The Difference Between Active And Passive Fire Protection
Fire protection throughout a building is generally found in two forms, active fire protection and passive fire protection. While these two forms of fire protection serve different purposes, both are required to provide the most comprehensive protection against fire threats.
What Is Active Fire Protection?
Active fire protection refers to a group of systems that perform some sort of action to detect and extinguish fires. Active fire protection systems are largely designed to combat fire directly, acting to control a fire before it gets the chance to spread.
An active fire protection system can be deployed either manually or automatically. Manual fire protection systems are human operated which commonly include handheld fire extinguishers and fire blankets to smother and extinguish fires.
Automatic fire protection systems require no human intervention in order to function, and often include fire detection systems, fire alarm systems, fire suppression systems, and smoke ventilation units.
Active Fire Protection Examples
Active fire protection systems are considered to be a proactive approach to controlling and extinguishing fires. These systems initiate an immediate response to suppress a fire while it’s still in its early stages of development.
Most active fire protection systems will fall into one of the following categories:
- Detection: Fire detectors are able to detect the presence of a fire using smoke and heat sensors. When a fire is detected a signal gets sent to trigger fire alarms, which alerts building occupants to evacuate the vicinity.
- Suppression: Fire suppression describes the use of water, chemical agents, inert gases, and other extinguishing agents to control and extinguish a fire. This can be carried out either manually with fire extinguishers and fire hoses, or automatically with installed fire suppression systems. Our blog on the different types of fire suppression systems explores this category in further detail.
- Ventilation: Dense smoke from fires often causes further damage by suffocating building occupants and blocking escape routes. Ventilation systems help clear out smoke from a building to ensure safe evacuation routes in the event of a fire emergency.
What Is Passive Fire Protection?
Passive fire protection refers to the structural components of a building that helps prevent a fire from spreading throughout the building. Passive fire protection systems compartmentalise a building into smaller sections to limit the growth of a fire by containing it in a single area and preventing the fire from spreading to surrounding rooms.
The compartmentalisation of a building is achieved by installing fire resistant barriers, such as firewalls and fire-doors. This plays an important role in the overall fire safety strategy of a building.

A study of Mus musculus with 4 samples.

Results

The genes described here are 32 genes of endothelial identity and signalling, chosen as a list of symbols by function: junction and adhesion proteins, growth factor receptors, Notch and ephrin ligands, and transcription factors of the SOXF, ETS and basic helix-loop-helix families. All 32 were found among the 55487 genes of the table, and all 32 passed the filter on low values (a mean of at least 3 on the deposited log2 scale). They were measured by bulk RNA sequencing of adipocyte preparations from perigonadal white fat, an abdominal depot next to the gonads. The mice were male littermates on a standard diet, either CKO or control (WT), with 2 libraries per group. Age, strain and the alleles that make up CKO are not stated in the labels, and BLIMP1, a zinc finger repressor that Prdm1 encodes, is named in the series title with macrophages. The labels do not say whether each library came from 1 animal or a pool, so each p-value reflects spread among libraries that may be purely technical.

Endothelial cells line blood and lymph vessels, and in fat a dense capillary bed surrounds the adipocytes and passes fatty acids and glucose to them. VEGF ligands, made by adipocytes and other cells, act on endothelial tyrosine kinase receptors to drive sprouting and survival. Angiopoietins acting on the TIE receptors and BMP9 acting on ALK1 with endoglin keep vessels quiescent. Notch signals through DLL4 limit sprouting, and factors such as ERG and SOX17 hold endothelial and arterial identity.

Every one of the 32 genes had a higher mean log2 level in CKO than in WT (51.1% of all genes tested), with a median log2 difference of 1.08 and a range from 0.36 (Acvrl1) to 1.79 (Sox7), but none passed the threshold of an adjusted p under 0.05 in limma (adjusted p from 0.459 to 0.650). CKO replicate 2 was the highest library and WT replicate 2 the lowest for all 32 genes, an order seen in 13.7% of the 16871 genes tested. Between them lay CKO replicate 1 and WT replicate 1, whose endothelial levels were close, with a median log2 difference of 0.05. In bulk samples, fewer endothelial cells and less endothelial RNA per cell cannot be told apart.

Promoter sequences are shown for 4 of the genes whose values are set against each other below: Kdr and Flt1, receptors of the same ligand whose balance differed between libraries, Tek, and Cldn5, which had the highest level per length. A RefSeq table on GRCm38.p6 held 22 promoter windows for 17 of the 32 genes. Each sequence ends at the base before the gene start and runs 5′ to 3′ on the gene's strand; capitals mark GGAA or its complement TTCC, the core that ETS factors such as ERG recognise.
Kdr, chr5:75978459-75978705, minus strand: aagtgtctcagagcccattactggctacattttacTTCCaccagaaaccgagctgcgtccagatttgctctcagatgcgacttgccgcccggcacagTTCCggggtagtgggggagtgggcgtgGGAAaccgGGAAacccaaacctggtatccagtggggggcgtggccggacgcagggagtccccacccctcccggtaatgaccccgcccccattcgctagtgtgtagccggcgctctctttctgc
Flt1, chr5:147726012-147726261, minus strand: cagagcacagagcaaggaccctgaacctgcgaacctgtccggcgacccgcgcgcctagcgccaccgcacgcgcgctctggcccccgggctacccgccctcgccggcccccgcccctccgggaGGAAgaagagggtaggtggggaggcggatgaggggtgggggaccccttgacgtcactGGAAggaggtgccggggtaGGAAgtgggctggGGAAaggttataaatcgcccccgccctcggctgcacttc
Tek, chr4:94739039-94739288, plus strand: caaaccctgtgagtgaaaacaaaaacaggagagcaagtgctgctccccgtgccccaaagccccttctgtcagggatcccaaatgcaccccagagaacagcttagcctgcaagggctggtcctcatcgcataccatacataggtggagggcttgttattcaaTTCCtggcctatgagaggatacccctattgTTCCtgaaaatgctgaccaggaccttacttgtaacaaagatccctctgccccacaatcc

The intent of passive fire protection is to contain fires long enough for building occupants to evacuate the premises, keep emergency evacuation routes clear from smoke and fires, limit property damage, and ultimately protect the lives of people.
Passive Fire Protection Examples
The most widely used examples of passive fire protection include:
- Fire Doors: Fire doors are fire resistant doors that are used as part of a passive fire protection system. It is installed in the opening of a fire barrier to reduce the spread of fire and smoke between separate compartments.
- Firewalls: Firewalls are fire resistant barriers that are designed to prevent the spread of fires. Fire resistant walls help compartmentalise a building into smaller sections to contain a fire within a specific area.
- Fire Resistant Floors/Ceilings: Fire resistant floors and ceilings are designed to prevent the spread of fires from one floor to the next. It is a fire resistant barrier that divides a building into separate compartments.
The Difference Between Active and Passive Fire Protection
Active fire protection can be thought of as an offensive strategy that reacts to the presence of a fire. These systems take action to suppress and extinguish any detected fires.
Whereas passive fire protection can be thought of as a defensive strategy that isolates a fire and prevents it from spreading throughout the building. These systems function to contain and control a fire to restrict the fire’s growth.
FST Active and Passive Fire Protection Systems
FST is a leading supplier of automatic fire suppression systems that serves as active fire protection. Many other supplementary fire protection products can be found on our online store, including fire detection devices, fire alarm systems, pressure relief vents, fire door hold/release units, and more.
Contact us for active and passive fire protection systems that will ensure total fire safety throughout a building.